3rd President of Armenia
9 April 2008 – 9 April 2018
11th and 15th Prime Minister of Armenia
4 April 2007 – 9 April 2008
17 April 2018 – 23 April 2018
Minister of Defence of Armenia
20 May 2000 – 26 March 2007
Sargsyan was born on 30 June 1954 in Stepanakert (Khankendi), Nagorno-Karabakh Autonomous Oblast (NKAO), Azerbaijani SSR.
He entered Yerevan State University in 1971, served in the Soviet Armed Forces during 1971–72, and graduated from the Philological Department of Yerevan State University in 1979.
In 1983, he married his wife, Rita, with whom he has two daughters, Anush and Satenik.
Has two brothers: Alexandr Sargsyan and Levon Sargsyan.
Sargsyan won the February 2008 presidential election with the backing of the ruling Republican Party of Armenia.
Rival candidate Ter-Petrossian's supporters, disputing the official results, held large protests in Yerevan for over a week following the election, until they were violently broken up on 1 March; ten people (eight protestors and two police officers) were killed, and a state of emergency was imposed for 20 days, ending on 20 March 2008.
On 18 February 2013, he was re-elected as president and served the entire term.
Despite pledging in 2014 not to become Prime Minister again while supporting an amendment of the constitution in 2015 that would allow it, Sargsyan was again elected Prime Minister of Armenia in April 2018, in what opposition figures described as a "power grab".
Six days after taking office, Sargsyan resigned after large-scale protests headed by Nikol Pashinyan.
Sargsyan participated in occupation of Nagorno Karabakh and surrounding regions of Azerbaijan Republic.
He is well known for participation in Khojaly massacre and his interview to British author Tom De Waal who quoted him saying: “Before Khojaly, the Azerbaijanis thought that they were joking with us, they thought that the Armenians were people who could not raise their hand against the civilian population. We needed to put a stop to all that. And that’s what happened”.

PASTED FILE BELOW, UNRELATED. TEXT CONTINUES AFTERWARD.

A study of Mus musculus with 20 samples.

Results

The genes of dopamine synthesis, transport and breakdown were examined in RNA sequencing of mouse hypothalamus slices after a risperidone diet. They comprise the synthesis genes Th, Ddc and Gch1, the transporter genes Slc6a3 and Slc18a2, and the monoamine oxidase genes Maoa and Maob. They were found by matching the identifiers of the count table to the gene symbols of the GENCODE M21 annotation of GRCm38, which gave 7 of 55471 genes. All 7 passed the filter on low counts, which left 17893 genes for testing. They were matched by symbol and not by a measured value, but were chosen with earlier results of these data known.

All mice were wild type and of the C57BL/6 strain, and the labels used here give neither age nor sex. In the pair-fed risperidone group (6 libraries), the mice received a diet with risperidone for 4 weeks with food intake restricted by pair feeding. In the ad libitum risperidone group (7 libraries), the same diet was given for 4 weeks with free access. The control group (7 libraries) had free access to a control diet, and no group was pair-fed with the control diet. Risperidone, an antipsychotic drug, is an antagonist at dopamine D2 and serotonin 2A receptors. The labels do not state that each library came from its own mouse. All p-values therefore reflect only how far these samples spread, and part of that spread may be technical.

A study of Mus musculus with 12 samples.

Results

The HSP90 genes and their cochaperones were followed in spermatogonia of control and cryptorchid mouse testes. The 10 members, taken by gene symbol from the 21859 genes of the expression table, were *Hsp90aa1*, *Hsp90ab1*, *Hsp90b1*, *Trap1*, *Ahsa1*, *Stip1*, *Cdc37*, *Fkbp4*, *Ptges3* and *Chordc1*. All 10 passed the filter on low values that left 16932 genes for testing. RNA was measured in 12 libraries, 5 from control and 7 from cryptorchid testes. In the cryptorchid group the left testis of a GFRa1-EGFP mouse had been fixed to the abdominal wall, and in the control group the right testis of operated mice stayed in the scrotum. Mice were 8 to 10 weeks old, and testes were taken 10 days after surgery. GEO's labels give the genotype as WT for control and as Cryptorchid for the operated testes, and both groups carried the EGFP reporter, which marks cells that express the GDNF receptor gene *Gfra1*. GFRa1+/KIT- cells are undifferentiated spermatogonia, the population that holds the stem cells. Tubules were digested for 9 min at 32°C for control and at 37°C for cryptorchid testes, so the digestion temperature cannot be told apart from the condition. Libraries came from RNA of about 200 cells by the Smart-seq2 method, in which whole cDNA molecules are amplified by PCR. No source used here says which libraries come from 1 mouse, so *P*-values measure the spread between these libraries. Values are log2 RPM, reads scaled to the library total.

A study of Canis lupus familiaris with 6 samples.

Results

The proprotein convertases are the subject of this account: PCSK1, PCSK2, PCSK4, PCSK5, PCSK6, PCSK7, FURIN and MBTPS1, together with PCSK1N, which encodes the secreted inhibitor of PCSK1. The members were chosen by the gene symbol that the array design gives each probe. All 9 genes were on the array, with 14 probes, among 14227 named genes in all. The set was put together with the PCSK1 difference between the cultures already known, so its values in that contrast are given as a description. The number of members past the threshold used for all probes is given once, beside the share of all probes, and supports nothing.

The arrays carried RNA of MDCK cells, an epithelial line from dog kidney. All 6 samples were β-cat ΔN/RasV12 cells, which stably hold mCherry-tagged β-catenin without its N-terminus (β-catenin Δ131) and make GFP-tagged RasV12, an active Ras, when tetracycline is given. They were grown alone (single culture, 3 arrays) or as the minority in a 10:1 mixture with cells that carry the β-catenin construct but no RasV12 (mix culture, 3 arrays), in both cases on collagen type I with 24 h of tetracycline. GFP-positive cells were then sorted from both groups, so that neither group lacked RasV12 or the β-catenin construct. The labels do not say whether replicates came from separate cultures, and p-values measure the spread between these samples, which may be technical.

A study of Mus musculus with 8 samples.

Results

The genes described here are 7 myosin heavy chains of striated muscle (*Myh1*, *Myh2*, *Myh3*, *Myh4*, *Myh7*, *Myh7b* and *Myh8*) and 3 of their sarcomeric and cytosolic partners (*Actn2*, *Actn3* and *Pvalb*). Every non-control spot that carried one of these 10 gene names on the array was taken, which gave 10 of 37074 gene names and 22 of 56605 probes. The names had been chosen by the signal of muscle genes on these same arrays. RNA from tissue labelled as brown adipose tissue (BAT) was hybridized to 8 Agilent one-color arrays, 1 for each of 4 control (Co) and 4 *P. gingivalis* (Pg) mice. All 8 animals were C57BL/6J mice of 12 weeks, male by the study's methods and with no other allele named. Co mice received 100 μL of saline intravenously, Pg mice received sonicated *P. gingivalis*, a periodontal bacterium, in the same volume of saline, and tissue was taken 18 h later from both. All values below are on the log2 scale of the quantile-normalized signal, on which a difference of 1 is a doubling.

In a Wikileaks cable named THE BUSINESS OF POLITICS: LEADING ENTERPRISES OF POLITICAL ELITES ambassador Marie Yovanovich reported that the murky ownership of Armenia's major industry clusters was a hidden driver of Armenian politics and elites' inter-relationships.
According to the cable “enterprises were divided into one of two major political/economic pyramids: one headed by President Serzh Sargsian and the other by ex-President Robert Kocharian.
As ambassador reported Sargsyan’s business pyramid included in different times various companies such as Armavia, Mika Cement, Flash fuel, Ararat bank, “Yerevan city” supermarkets, Pares Armenia Tobacco and others controlled by his closest circle.
Sargsyan is also connected to gold mining industry, drugs trafficking and weapons smuggling.
Regarding the weapons smuggling the Washington Times newspaper wrote that “Western diplomat familiar with the incident said the United States had multiple streams of intelligence connecting the Armenian arms shipment to Iran with the deaths of U.S. soldiers in 2007 in Iraq”.
As news outlet stated, when Mr. Sargsyan was first confronted with this intelligence in 2008 on the sidelines of the U.N. General Assembly by Secretary of State Condoleezza Rice, he denied knowing anything about the matter.
According to the Wikileaks cable though, State Department’s Mr. Negroponte, however, laid out the consequences to Armenia in the letter.
“Notwithstanding the close relationship between our countries, neither the Administration nor the U.S. Congress can overlook this case,” Mr. Negroponte said in his letter to the Armenian president. “By law, the transfer of these weapons requires us to consider whether there is a basis for the imposition of U.S. sanctions. If sanctions are imposed, penalties could include the cutoff of U.S. assistance and certain export restrictions,” he said.
After leveling the threat, Mr. Negroponte told Mr. Sargsyan that in order to avoid sanctions he had to provide a written assurance to the United States that Armenia would update its export-control laws, establish teams of customs specialists at the border to check for contraband and dual-use exports and allow U.S. spot inspections of these checkpoints and make public its export-control lists.